The Family Care Practice of Dr. Cheryl Clark-Brown

It’s not just about passing out medications, it’s about educating that patient on lifestyle, diet and everything.

“Knowledge about health is the key to survival,” said LaConya Robertson, a nurse practitioner and key member of the Clark-Brown Family Care Clinic. She illustrated her point with a story. A woman came to the clinic because of a leg wound that wouldn’t heal.

When Robertson unwrapped the leg, she found the wound was deeply infected. This new patient thought her leg was doing what it was supposed to do because she’d never been told any different. Many of us, Robertson said, are walking around with serious health issues because we don’t know any better. Closing that understanding gap is one of the main objectives of The Clark-Brown practice.

Dr. Cheryl Clark-Brown first became interested in medicine as a little girl. Both her parents had cancer and she accompanied her mother to specialist appointments at MD Anderson. She knew then she wanted to do something in medicine and at first considered nursing as her mother was a nurses aide. As Clark-Brown got older, she realized she wanted to be the one who gave directions to nurses and patients. She then decided to become a doctor.

For years, Dr. Clark-Brown worked in the large clinic system, but didn’t like the time limits placed on patients. She decided the only way to give the kind of care she’d gone to medical school to provide was to open her own practice.

it’s about educating that patient on lifestyle, diet, and everything.

In 2009 she opened a clinic in East Austin, not far from where she was born. Her aim was to not only treat patients, but to educate them, so that they could make positive life changes. “It’s not just about passing out medications,” Clark-Brown said, “it’s about educating that patient on lifestyle, diet, and everything.”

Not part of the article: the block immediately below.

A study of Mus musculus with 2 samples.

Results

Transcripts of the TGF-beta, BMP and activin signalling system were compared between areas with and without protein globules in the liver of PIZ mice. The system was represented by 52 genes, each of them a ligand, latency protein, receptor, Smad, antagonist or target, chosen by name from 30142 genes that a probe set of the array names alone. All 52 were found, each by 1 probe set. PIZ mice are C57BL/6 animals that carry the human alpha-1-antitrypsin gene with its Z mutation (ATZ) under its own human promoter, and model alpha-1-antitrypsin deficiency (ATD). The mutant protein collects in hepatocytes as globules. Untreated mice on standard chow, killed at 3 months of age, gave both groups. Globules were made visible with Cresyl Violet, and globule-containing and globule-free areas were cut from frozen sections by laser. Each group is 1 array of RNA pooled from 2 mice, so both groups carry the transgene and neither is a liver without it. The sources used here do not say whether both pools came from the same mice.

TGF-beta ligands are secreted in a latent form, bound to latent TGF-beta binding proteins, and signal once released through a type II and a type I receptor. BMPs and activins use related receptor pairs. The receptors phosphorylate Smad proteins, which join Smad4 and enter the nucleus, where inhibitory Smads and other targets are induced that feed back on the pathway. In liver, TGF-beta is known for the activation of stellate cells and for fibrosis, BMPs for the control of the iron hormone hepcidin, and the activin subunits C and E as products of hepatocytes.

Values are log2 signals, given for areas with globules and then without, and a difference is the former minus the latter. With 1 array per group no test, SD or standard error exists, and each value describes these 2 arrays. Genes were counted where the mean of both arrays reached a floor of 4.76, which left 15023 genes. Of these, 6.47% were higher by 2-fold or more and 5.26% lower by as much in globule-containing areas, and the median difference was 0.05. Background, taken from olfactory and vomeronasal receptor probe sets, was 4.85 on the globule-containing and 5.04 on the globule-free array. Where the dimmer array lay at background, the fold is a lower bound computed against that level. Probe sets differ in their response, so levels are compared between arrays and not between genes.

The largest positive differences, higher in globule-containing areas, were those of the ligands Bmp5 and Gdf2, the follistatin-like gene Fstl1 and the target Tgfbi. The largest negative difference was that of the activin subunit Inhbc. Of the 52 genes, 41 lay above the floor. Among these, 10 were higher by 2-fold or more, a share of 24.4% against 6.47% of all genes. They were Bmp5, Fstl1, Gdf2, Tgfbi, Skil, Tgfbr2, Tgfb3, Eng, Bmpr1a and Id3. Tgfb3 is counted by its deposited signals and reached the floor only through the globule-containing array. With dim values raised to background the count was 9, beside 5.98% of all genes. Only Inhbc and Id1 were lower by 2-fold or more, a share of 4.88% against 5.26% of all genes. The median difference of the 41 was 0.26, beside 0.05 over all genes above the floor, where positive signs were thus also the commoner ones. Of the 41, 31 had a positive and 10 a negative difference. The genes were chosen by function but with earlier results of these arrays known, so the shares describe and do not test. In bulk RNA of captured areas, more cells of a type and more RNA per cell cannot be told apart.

More than a 100 patients a day seek out the Clark-Brown practice, many because they want more natural ways to treat health issues. The medical team uses a combination of eastern and western approaches to care. Probably the most visible sign of the Eastern method is the presence of acupuncturist Anne Cusick. She works primarily to help clients manage pain, but explains that acupuncture can also address sleeping issues, poor digestion, stress, anxiety, and depression – all conditions that can accompany pain.

Nurse practitioner Jonathan Escobedo joined the practice earlier this year. One of the things he likes about the practice is has time to build a rapport with each patient, so he gets a better understanding of their needs and how to help them. He emphasizes the importance of learning your family’s medical history and getting regular screenings. “Go to the doctor,” Escobedo says,” not because you are sick, just come because you need to know your health status.”

Dr. Clark-Brown’s office is currently accepting new patients. Representatives from Clark-Brown will conduct health screenings on-site during Soul Food Truck Fest on Saturday, September 30 from noon to 5:00 pm at Freedom Plaza, at the George Washington Carver Museum, 1165 Angelina Street.